July 30, 1998

photo: KEVIN G. GILBERT / staff photographer


RINGGOLD, Md. - Driving down Ringgold Pike the fields are spotted with black and white cows.

But on a farm on Misty Meadow Road, among 200 black and white Holstein cows are the only three milking shorthorn cows to be exhibited at the Washington County Ag Expo, which begins Saturday.



Katie Herbst, 16, said she wanted a milking shorthorn because it would be different from the cows everyone else had.

"I thought they were pretty," said Herbst, who will be a junior at Smithsburg High School this fall.

She showed her milking shorthorn at last year's Ag Expo.

In April, Katie got a second milking shorthorn and her younger sister Kimberly got one of the cows, said family members at their Misty Meadow Farm.

Both will showcase their milking shorthorns at the Ag Expo next Wednesday and Friday, said their mother, Betsy.

Katie's older milking shorthorn, formally known as Expo 96, was so named because she came from the World Dairy Expo '96 in Wisconsin.

Katie got Expo after she learned that the man who won the milking shorthorn in a raffle didn't want her because of her breed.

Expo's nicknamed Shorty, short for shorthorn.

Katie said she got teased a lot when she first got Shorty because Holsteins tend to be the cow of choice.

Shorty, 23 months old, is expecting her first calf in September, said Katie's dad, David Herbst.

Katie said her two shorthorns, Shorty and Rissy, have milder tempers than her Holsteins, which tend to do the opposite of what she wants.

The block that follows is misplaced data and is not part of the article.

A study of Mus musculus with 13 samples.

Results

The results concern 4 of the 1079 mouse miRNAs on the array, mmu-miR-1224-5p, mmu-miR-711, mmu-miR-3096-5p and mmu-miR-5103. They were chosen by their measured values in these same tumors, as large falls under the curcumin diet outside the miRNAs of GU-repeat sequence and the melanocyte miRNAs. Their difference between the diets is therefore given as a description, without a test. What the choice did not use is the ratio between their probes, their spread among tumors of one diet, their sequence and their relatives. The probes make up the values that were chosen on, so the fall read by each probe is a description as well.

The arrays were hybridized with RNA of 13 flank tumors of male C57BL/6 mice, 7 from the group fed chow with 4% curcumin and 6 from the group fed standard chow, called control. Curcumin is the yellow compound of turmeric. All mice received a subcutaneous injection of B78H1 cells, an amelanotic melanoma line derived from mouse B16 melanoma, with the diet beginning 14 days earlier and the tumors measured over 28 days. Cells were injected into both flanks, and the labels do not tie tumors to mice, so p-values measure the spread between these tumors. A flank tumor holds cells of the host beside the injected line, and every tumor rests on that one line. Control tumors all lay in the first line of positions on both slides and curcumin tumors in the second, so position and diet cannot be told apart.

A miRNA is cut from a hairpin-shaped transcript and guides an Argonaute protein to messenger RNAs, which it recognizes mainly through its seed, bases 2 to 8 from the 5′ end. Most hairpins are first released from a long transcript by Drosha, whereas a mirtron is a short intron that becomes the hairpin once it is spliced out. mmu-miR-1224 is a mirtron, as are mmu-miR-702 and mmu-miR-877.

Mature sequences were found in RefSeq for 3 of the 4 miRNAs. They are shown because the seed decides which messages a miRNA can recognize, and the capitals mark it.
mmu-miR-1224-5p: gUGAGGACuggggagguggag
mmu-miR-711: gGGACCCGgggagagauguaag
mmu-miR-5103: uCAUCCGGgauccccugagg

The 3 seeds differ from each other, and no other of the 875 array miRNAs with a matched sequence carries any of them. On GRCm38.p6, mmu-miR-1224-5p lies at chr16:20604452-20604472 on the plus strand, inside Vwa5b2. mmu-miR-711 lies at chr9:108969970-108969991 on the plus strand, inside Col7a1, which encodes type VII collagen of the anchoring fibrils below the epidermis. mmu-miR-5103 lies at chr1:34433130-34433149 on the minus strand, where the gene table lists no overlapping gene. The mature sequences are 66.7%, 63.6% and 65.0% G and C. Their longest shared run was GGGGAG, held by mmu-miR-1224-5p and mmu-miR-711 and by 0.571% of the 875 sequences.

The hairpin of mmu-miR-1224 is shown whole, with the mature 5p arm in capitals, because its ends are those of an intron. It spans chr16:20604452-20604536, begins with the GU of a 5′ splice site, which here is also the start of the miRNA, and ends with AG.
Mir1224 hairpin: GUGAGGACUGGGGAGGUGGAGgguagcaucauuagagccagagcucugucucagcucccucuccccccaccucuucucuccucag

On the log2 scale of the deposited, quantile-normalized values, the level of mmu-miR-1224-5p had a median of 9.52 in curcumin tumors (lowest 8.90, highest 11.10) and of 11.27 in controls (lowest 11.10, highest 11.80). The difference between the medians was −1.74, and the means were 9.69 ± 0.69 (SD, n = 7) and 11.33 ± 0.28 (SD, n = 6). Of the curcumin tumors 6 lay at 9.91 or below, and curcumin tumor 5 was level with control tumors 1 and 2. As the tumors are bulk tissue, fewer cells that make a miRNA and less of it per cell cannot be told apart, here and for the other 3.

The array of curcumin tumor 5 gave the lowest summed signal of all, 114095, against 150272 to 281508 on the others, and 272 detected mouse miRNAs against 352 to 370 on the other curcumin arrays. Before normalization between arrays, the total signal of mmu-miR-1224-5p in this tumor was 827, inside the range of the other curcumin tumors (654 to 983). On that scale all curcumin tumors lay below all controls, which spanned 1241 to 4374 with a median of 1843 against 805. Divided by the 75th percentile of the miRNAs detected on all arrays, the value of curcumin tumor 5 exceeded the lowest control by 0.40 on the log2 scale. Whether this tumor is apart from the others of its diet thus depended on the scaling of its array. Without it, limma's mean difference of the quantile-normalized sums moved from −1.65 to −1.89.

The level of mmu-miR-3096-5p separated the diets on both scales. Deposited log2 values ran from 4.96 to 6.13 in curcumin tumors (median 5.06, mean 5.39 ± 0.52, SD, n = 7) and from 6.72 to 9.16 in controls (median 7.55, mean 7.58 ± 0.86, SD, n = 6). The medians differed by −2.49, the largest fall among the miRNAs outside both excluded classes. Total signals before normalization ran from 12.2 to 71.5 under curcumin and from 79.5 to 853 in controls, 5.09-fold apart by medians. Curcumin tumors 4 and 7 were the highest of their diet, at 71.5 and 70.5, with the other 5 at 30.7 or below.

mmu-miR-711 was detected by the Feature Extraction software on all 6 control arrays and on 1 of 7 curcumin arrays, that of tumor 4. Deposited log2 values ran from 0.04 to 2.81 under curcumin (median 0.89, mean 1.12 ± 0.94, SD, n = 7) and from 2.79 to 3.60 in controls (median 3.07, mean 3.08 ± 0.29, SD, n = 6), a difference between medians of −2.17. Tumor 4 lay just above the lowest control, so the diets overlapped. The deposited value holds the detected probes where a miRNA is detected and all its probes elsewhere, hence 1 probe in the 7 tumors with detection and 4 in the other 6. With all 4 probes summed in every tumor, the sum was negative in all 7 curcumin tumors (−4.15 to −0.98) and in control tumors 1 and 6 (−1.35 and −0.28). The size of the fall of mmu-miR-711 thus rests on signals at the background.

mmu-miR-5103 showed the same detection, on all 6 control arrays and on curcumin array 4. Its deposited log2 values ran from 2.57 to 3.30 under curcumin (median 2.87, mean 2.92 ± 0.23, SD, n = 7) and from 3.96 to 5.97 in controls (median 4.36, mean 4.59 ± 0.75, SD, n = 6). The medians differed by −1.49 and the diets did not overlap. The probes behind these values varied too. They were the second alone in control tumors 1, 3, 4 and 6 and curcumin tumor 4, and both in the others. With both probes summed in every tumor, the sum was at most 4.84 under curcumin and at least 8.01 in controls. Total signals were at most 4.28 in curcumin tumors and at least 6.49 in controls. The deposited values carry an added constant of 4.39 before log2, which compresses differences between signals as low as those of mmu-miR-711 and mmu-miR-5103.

Kimberly, 12, said she plays with her shorthorn, Heather, at least once a week. Both girls clip and wash their shorthorns.

Since Heather, at 350 pounds, is the smallest shorthorn registered in the county, she will be featured in the petting farm at the Ag Expo, Kimberly said.

This year's expo will be the first for 4-month-old Heather and 10-month-old Rissy.

The only milking shorthorn at last year's expo, Shorty won first place and proceeded to the state competition, where she came in first in her age class for milking shorthorns, Katie said.

Milking shorthorns produce milk with a higher protein-to-fat ratio, so it's better for making ice cream or cheese, Heizer said.

The milking shorthorn comes from England where its name distinguished it from British longhorns, Semler said. Their horns aren't shorter than other U.S. dairy breeds and most cows are dehorned at a young age, he said.

The milking shorthorn, like other dairy breeds, was at one time a dual purpose animal for meat and milk, Semler said.

Shorty is an exception to most milking shorthorns, which tend to average 1,400 pounds when full grown, Heizer said. Shorty weighs about 1,200 pounds and is expected to reach 1,400 to 1,500 pounds, he said. The average adult Holstein weighs 1,500 to 1,700 pounds.

Holsteins account for 92 percent of dairy cows in the United States, Semler said.

Shorthorns are the least popular, he said. Other popular breeds are Jersey, Guernsey, Ayrshire and Brown Swiss.

The American Milking Shorthorn Society estimates there are 15,000 registered milking shorthorns in the U.S., and about 25,000 total.